Tuesday, 24 October 2017

Dipping Again ...

An early start at Low Newton on Monday looking for a Little Bunting. The early morning skies were quite striking. 

First bird on show as the light hit the tops of the trees was a Reed Bunting (although this one appears to have a crest (probably just the twig behind)).

After 2-3 hours of trying to ignore the Yellow-browed Warblers, Blackcaps, Godcrests, and incoming Thrushes, couple nearby were on a bird, it was a Bunting and I got a brief view. The bird that flew off according to PS looked too large. I was happy to accept the couples ID but after considering my view and the fact it was never seen again I have to admit I didn't see a Little Bunting. The only birds returning to the Sycamore were Reed Buntings.

The whole morning was not a complete wash out because of the birds mentioned earlier. In addition; Bramblings, Short-eared Owl, Merlin and Great Spotted Woodpecker were seen.

When I got home I noticed a huge flock of Gulls over a ploughed field just yards from my house.  checked the skies for a predator. Then noticed this Juvenile Peregrine on the ground with what looks like a Common Gull.

At first I thought it might be a Saker with all the pale feathering on the head  but eventually decided it was a Peregrine.

Looks like it is trying a new pair of wings.

Eventually it carried its kill to the other end of the field away from the road.

This Twite was sheltering from the wind at Newbiggin. It didn't budge as it was surrounded by food.

Friday, 20 October 2017

Autumn Excitement

Twite on the beach at Chevington (40+ one day).

Lots of Thrushes arriving and most heading straight inland. Blackbirds hang around a little longer , stripping the Hawthorns of their berries.

Redwing, Fieldfare and Ring Ouzel all seen in the Druridge Bay area.

A trip to Hoy Island brought mixed emotions on Monday. A scattering of common migrants and news of a Bee-eater 30 miles South in the Bay. I didn't expect it to linger (especially I missed the 2 birds at Chevington the previous day when I was less than half a mile away)

Well I left Holy Island at 11am and headed South. Thanks to news updates from JA and JB  I thought I had a chance. To my surprise it was still there.

Redpoll feeding on the path at Druridge.

News on Thursday night that a Bee-eater was at Druridge late evening was interesting and I guessed it would still be there on Friday morning with a large crowd following it.


I spent the morning birding East Chevington. A splendid Yellow-browed Warbler was my reward. Then as I headed back to my car I noticed the Bee-eater feeding above my car. As I moved past the bushes I lost sight of it but at east I had my record shot. I count most of the bay as my patch but East Chevington is my favourite part of the patch so birds seen here are extra special.

As I neared the car I spotted the Bee-eater on the fence line. I put the news on Twitter and RBA and expected to be joined by a small crowd.

The only crowd to arrive were inquisitive birds and Cows. Most of the birders and photographers waited for the Bee-eater to return to Druridge which it did a couple of hours later.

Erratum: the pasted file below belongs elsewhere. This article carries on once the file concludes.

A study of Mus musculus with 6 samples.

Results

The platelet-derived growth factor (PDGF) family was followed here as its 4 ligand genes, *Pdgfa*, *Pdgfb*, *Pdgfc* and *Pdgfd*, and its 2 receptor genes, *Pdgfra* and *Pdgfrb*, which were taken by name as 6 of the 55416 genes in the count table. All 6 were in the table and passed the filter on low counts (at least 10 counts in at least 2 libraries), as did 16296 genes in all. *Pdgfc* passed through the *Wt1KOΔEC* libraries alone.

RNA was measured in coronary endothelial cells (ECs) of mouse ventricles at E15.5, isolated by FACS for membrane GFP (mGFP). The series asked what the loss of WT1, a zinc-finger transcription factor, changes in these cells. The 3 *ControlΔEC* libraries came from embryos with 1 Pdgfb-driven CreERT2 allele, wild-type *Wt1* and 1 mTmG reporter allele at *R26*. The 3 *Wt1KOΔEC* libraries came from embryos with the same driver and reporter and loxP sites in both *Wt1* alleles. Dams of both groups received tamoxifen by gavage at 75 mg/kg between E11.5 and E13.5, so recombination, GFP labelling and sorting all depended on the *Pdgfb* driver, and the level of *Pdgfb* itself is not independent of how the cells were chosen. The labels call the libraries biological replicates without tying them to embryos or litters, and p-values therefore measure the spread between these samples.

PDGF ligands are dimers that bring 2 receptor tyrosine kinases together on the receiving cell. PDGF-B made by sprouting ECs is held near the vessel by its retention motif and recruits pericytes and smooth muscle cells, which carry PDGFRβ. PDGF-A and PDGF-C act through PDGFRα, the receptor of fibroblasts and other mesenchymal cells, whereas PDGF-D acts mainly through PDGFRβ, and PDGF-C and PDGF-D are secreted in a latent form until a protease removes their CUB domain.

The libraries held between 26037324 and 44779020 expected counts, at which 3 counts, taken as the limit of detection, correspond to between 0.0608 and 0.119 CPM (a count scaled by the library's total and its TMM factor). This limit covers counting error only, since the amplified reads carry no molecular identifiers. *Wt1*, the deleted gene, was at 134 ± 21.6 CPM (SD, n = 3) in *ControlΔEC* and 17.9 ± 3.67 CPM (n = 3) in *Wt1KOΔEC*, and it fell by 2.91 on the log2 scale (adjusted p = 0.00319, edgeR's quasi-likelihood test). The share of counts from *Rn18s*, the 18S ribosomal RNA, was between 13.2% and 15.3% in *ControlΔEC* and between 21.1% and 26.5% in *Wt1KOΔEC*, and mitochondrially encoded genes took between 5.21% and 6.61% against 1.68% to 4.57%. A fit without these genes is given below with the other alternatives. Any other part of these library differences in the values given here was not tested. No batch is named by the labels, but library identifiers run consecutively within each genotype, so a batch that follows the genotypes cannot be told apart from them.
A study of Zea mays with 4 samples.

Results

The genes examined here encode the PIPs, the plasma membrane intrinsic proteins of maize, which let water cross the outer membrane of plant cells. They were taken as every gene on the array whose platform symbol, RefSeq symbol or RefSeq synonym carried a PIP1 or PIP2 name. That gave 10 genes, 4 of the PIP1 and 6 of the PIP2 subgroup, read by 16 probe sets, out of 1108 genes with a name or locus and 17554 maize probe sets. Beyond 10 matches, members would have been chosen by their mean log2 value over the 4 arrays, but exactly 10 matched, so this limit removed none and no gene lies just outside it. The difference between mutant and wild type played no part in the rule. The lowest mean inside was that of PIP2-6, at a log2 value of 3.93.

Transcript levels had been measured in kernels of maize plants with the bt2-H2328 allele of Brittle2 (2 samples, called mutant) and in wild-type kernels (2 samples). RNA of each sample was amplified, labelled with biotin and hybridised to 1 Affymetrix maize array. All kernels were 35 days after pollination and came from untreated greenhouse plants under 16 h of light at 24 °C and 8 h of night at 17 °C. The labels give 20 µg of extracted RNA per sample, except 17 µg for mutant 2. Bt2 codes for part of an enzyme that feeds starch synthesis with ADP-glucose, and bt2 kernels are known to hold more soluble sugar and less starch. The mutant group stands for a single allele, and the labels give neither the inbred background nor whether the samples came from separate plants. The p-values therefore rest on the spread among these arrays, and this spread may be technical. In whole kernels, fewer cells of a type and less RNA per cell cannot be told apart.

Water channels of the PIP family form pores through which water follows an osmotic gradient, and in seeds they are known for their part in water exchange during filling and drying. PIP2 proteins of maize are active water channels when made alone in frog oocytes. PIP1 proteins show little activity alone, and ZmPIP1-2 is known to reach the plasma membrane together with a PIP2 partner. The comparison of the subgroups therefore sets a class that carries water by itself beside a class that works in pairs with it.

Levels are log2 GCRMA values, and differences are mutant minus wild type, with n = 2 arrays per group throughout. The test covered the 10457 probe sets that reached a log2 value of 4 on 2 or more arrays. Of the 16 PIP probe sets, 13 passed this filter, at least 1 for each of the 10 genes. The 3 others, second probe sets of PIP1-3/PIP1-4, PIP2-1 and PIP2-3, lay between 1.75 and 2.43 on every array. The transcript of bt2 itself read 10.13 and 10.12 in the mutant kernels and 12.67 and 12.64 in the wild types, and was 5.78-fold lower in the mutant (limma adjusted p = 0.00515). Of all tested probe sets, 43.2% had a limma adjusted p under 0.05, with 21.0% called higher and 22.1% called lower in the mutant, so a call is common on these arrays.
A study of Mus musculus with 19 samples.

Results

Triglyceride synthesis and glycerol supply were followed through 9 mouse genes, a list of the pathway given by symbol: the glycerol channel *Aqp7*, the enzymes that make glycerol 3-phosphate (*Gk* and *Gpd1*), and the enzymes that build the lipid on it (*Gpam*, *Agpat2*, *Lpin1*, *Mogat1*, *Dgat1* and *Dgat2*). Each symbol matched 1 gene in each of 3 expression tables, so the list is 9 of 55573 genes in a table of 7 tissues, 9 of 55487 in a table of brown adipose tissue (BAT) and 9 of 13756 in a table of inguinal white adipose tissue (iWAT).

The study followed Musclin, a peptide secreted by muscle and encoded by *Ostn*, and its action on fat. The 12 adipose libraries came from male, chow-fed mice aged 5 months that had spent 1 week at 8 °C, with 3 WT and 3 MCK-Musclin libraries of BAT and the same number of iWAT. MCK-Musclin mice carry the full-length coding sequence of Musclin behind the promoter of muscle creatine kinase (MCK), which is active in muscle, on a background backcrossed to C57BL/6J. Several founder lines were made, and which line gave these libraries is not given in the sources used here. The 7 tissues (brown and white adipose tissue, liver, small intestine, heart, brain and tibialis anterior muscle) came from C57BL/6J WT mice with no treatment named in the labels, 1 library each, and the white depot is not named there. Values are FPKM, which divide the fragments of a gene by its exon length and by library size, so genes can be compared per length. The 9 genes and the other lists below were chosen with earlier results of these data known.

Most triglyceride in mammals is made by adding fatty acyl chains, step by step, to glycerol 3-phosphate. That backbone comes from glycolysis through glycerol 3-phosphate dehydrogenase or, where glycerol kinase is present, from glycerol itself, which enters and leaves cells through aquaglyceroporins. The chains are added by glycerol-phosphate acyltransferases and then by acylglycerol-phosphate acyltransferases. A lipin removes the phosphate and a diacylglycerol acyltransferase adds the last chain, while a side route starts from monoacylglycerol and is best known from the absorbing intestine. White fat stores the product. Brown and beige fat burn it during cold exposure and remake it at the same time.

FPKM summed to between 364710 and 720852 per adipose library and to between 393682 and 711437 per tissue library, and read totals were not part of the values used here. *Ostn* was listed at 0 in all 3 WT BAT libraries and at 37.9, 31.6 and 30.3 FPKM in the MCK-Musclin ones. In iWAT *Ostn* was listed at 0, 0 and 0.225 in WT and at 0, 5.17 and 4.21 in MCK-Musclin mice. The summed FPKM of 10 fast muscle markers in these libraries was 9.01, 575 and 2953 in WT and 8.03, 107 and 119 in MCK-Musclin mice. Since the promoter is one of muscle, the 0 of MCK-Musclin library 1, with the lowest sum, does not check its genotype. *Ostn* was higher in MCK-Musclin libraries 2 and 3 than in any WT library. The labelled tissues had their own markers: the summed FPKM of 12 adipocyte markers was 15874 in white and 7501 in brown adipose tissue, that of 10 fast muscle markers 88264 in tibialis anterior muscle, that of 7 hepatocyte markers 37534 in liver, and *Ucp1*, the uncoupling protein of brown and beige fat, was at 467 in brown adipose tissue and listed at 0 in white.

I was able to watch this bird for exactly one hour, on my patch, feeding, preening, resting and giving its flight call. 

Later on Friday there were Bramblings, Blackcap and Great-spotted Woodpeckers at DBCP.

Thursday, 12 October 2017

Shorely Not This Early?

19th November last year I came across six Shore Larks on the beach at East Chevington. This morning one was present (a month earlier than last year)! Hard Winter coming?

The only problem I have with these fabulous birds is that I keep typing Shorelark instead of Shore Lark. Memo to Self!

Hopefully it will not be a cold Winter, as a Cetti's Warbler was singing again at East Chevington. RBA were a little tardy at getting the information out (I had to ring them a second time) and when the first birders arrived it was the same story as Saturday ... the wind picked up and the Warbler fell silent. To my relief, JB, sent me a tweet to say it started singing again later this morning. I managed a brief view early morning in the company of a wren and a short flight above the reeds. It appears there have been several seen, in the North of England this week, so hopefully some will stay and expand their range. (About time we had a similar dispersal of Bearded Tits although they tend to disperse earlier in the year I think.)

Wednesday, 11 October 2017

More Phalarope(y) Pictures

Still distant but the light was a little better today.

The Phalarope followed this Shoveler and picked up food stirred up from the mud.

The Shoveler was very tolerant until the Phalarope got a bit too close!

A quick dash to the patch during afternoon showers was rewarded with this fabulous Merlin. It didn't linger when it spotted a tasty morsel. Peregrine and Marsh Harrier made it quite a day!

Tuesday, 10 October 2017

It's a Wild Life!

This fab bird was found by JD at Druridge.

Sadly it was never close, so these heavily cropped photos were all I could manage.

The next few photos show why I'll never get bored waking my patch day after day. You never know what you will see.

Don't you just love computers. The original was taken leaning out of the car window. The next after rotating and cropping. (I prefer the first one ... ha!)